Learning


I just ordered Matthew Kelly’s The Culture Solution. He also wrote one of my favorites called The Dream Manager. Talk about two books that go together! I’m building a residential cleaning service, and The Dream Manager is a fictional parable about a janitorial service, but it’s spot on with what I’m trying to do. I look forward to sharing the insights I gain from The Culture Solution. The Dream Manager without a doubt touches on workplace culture, but obviously Mr. Kelly goes into greater detail about that in his latest. I think it’s his latest. Correct me if I’m wrong.

When I think about all the jobs I had before starting Clean Houses my mind instantly goes to the bad mix of people in each company. The people weren’t bad in and of themselves, but when conflict happened toxicity was let lose, and it became every person for themselves. I’m sure you’ve been there and done that. You might be there right now. I’m sorry because it really stinks. When you spend 40 hours a week doing something you don’t like it’s usually because the people you do it with are toxic. It takes one to know one. I’m toxic. I know that. As a Christian I sin just like every other Christian. It boils down to the sinful nature, and when we give into temptation we make decisions that disappoint God and other human beings. When sin overshadows faith toxic relationships become the common denominator.

I don’t know if Mr. Kelly is a Christian, but there are Christlike principles in The Dream Manager. I suspect there will be Christlike principles in The Culture Solution. The two fictional executives in The Dream Manager come up with a solution for the company’s high turnover that is rooted in the Golden Rule. You don’t have to be a Christ follower to practice Matthew 7.12. Next to John 3.16 I’d imagine that verse is the most recognized of verses in all the Bible.

Tomorrow my family and I will be at church corporately worshipping the Father. Monday morning we will be in the marketplace and school striving to be Jesus to those we interact with. It’s a privilege to represent Christ, albeit imperfectly, but nonetheless faith as small as a mustard seed can move mountains. I believe that with all my heart. That’s why I don’t throw in the towel in any arena of life. I may crawl in different seasons, but there will be times to run. I’m walking right now, but when books like The Culture Solution come out I never assume God can’t speak through books like that. He can speak through anything and anyone.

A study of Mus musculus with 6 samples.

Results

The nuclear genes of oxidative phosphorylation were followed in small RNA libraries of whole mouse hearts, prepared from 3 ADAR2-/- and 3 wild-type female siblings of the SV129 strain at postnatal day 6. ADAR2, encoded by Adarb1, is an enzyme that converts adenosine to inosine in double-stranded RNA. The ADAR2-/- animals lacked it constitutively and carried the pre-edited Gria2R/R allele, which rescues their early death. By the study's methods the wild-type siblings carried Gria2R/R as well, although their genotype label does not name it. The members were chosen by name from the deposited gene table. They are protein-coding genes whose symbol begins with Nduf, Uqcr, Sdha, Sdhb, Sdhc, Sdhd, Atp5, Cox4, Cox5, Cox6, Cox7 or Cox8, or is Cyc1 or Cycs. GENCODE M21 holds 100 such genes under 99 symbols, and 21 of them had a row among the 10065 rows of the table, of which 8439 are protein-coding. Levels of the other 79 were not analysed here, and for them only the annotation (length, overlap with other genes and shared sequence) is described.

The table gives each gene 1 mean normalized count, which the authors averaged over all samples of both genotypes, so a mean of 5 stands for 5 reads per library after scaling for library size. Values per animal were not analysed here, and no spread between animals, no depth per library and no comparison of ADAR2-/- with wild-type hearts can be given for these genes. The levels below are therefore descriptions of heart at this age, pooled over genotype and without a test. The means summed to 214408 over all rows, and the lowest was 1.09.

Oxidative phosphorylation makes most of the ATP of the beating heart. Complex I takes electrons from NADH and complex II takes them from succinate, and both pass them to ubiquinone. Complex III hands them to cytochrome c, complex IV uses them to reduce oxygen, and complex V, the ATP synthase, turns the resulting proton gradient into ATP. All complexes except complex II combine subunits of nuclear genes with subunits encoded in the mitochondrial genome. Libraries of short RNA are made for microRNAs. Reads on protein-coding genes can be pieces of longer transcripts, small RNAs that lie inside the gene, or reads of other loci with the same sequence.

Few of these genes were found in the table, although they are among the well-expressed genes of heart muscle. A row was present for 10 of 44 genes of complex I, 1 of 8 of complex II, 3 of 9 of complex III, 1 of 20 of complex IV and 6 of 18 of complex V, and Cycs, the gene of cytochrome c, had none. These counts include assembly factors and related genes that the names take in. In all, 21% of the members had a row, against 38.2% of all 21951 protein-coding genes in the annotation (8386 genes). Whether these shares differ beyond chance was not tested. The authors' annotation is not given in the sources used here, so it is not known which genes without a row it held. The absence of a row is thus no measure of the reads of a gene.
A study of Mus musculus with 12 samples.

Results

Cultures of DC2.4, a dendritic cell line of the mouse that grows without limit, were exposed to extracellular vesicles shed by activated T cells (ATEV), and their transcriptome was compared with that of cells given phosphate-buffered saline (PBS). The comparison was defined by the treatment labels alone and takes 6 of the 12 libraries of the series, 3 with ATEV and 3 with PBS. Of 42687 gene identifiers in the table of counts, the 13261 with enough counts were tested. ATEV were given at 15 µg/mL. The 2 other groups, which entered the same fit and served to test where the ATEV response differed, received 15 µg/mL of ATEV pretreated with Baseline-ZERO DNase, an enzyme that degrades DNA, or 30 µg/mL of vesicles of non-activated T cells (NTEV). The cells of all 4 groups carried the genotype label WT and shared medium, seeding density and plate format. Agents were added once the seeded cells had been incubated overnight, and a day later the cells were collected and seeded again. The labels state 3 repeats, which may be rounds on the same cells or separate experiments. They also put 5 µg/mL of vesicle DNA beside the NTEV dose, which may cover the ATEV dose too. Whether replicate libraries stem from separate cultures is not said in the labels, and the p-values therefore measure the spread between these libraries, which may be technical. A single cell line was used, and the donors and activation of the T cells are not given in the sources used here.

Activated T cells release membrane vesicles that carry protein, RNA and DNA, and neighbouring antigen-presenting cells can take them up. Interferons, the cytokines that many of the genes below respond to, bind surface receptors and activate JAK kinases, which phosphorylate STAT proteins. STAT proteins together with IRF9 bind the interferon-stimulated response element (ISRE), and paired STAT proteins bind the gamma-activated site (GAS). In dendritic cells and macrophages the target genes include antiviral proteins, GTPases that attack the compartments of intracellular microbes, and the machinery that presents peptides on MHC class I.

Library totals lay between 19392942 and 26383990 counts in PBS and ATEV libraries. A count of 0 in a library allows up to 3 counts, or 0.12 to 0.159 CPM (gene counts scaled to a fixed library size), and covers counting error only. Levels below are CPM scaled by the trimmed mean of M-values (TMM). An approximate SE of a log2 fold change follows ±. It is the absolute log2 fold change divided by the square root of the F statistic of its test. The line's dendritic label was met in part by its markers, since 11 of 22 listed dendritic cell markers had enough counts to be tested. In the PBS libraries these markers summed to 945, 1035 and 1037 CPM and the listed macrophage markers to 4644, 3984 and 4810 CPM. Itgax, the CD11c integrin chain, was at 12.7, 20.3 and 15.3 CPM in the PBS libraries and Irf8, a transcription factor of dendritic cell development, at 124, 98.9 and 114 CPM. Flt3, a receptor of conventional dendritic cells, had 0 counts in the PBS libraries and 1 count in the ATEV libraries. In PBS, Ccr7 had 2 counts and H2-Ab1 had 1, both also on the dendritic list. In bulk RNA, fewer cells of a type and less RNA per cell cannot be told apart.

I met Jordan Raynor this past fall at a business conference here in Nashville. He is the best-selling author of Called To Create, and in January you can buy Master Of One: Find and Focus on the Work You Were Created to Do. Both books are must reads for Christians in the marketplace. Actually they are books for any place. We compartmentalize so many things, and we forget that the Father is everywhere all the time. The cross happened over 2,000 years ago, but it’s redemptive work is still at play.

If you’re not a reader there are plenty of podcasts and television productions that inspire you the way these books inspire me. Search them out. I’m also a proponent for radio as is my wife. I have some skin in the game with Wayfm, but my wife like NPR. Dan Miller talks about the university you have in your car too. I have an old van, and it’s CD player is busted, but I can listen to podcasts on my phone as I’m driving down the road. You might have bluetooth capabilities in your car, so you can listen to a number of good things that will help you learn. The information age is amazing, and I dare say it’s on steroids. There’s no excuse not to become educated about the amazing things God has put literally at our finger tips.

Dan Miller talks and writes about transferable skills, so whether you are in business, education, the church or any other industry you can learn from any number of sources. I realize reading may bring back bad memories of school. Writing reminds me of the English teachers who gave me D’s and F’s, but I’ve used that as motivation to keep writing.

Eleanor Roosevelt was right, and I want to close with one of her more famous quotes.

No one can make you feel inferior without your consent.